Two for Two in Colorado
After having punched my antelope tag on Monday, and a rather slow day yesterday here at Elkhorn Outfitters, Under Amour’s...
After having punched my antelope tag on Monday, and a rather slow day yesterday here at Elkhorn Outfitters, Under Amour’s Pete Angle and I saddled up and headed to the high country today in search of trophy mule deer.
We got a brief snow squall Monday, and temperatures dropped into the 20s yesterday. This cold snap (temps were in the 50s here in Craig, Colorado, last week) has seemed to give the mule deer rut a bit of a kick-start. We’ve been seeing a lot of bucks cruising solo, and the necks of a couple bucks killed yesterday by other hunters in camp showed some considerable swelling.
With temperatures in the teens this morning, expectations were high as we left the ranch for the quick drive over to the trailhead. After an hour-long ride up the mountain we hopped off the mules and spent a while glassing several groups of does, but no bucks to speak of. Back on our mounts, we worked our way up a woody draw, scanning the hillside in front of us when Pete spotted a heavy-antlered buck not 80 yards from us as we came around a patch of oak brush. We put the brakes on our rides and watched the buck turn and work his way up the draw. We quickly hopped off, tied up the horses and mules and worked up onto a little hill where we hoped to catch sight of the buck again. Sure enough, he appeared at about 140 yards going away.
When he began to quarter to his right, I settled the crosshairs on his midsection and let fly a 150-grain Winchester Power-Core bullet, a new lead-free load that will be available in 2011.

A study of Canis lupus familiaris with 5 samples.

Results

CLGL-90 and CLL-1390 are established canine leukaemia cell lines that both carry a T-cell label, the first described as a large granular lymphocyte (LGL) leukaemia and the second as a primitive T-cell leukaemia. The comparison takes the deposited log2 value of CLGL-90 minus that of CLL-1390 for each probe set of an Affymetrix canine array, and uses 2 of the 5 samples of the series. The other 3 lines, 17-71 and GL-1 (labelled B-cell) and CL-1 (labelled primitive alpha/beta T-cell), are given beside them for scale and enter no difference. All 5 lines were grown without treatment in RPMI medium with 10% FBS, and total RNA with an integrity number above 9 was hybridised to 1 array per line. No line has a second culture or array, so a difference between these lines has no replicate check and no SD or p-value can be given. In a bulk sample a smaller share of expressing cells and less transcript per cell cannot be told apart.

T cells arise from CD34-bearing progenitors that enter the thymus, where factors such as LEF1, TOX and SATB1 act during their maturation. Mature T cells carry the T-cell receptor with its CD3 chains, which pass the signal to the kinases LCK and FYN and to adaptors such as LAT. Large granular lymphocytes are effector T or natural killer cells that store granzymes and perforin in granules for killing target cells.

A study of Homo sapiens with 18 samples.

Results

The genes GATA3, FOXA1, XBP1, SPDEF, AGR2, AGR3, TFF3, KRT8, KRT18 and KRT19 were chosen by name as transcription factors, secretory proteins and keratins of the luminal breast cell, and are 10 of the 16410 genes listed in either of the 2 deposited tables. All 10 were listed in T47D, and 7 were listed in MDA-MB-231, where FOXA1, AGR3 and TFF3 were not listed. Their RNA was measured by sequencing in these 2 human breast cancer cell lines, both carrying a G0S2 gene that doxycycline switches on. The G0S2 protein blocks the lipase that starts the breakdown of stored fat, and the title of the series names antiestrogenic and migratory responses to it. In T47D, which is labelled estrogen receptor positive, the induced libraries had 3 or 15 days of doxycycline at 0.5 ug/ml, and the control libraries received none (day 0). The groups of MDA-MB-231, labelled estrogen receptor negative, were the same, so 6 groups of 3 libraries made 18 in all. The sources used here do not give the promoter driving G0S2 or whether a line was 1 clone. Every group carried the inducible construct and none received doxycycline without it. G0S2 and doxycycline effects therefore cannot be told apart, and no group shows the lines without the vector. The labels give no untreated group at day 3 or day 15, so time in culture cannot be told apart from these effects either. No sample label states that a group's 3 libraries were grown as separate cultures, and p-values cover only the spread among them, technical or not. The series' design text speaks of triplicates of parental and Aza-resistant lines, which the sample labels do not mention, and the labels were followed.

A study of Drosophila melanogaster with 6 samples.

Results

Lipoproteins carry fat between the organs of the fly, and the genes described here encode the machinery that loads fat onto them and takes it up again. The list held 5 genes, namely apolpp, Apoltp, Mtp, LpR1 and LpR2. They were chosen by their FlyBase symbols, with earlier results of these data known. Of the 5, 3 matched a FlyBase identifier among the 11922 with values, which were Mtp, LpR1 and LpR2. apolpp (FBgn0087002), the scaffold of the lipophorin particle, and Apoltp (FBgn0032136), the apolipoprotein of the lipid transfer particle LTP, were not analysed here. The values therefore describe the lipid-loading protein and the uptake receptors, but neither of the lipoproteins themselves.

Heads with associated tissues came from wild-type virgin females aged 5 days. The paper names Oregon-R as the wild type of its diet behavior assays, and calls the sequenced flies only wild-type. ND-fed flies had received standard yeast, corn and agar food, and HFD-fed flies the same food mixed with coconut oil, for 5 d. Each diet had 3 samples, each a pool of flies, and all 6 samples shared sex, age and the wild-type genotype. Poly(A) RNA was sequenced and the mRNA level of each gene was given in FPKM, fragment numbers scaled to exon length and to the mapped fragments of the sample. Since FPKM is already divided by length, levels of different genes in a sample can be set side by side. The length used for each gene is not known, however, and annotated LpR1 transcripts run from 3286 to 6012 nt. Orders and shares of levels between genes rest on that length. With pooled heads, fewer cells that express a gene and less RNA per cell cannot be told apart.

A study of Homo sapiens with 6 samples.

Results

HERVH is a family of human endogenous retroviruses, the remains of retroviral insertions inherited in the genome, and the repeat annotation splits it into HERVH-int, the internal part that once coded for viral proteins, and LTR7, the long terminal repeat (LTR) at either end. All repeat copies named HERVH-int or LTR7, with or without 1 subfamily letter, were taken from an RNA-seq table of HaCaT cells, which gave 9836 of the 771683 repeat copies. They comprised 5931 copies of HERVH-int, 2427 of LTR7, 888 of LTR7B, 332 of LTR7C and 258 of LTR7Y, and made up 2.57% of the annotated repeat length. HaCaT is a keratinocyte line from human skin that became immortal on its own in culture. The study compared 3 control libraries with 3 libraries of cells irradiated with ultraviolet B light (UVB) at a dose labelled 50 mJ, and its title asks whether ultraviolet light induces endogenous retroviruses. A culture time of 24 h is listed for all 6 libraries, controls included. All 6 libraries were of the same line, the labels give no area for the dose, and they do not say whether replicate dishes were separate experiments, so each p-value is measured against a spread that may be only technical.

The thwap was audible, and it was clear that the shot had slowed the buck considerably, but he continued up the draw a ways. He kept his hind end pointed in our direction, and an immediate follow-up shot didn’t look likely until he turned his head ever so slightly providing me with a tight neck shot. Again I made contact, but the bullet hit high and the buck continued, slowly, into a patch of trees. After about 10 minutes we set off into the trees to locate him. He popped up 10 yards from me, but I was unable to get a shot before he disappeared, going back down the hill. We continued after him and jumped him one more time, again with no shot possible, before he disappeared into a thicket. This time we waited about a half hour before following him up, hoping he’d stiffen up enough that I’d be able to get off a snap shot in the thick patch of brush.
As we entered the thicket we immediately saw blood, and followed it until, once again, the buck rose from its bed and immediately put a tree between himself and me as he exited the far side of the thicket. My guide Tony Bohrer and I ran out of the thicket and up onto a rocky high-point where I was able to get on the sticks and line up the buck at 220 yards. My third shot dropped the buck in his tracks and the hunt was mercifully over.
He’s a great old 4×5 buck, estimated at 5 ½ years. What he lacks in width he makes up for in mass and deep forks, and the color of his antlers is a deep, rich brown. He’s an awesome trophy and my best muley to date. When he was field dressing the buck, Tony was able to recover the third bullet, I shot, which had made contact with the buck’s spine. As you can see in this photo, the Power-Core performed wonderfully, with nearly 100-percent retention and a near-perfect clover leaf.
Tomorrow, we’re heading back to the mountain to attempt to fill Pete’s deer tag. I’ll be sure to let you know how we do.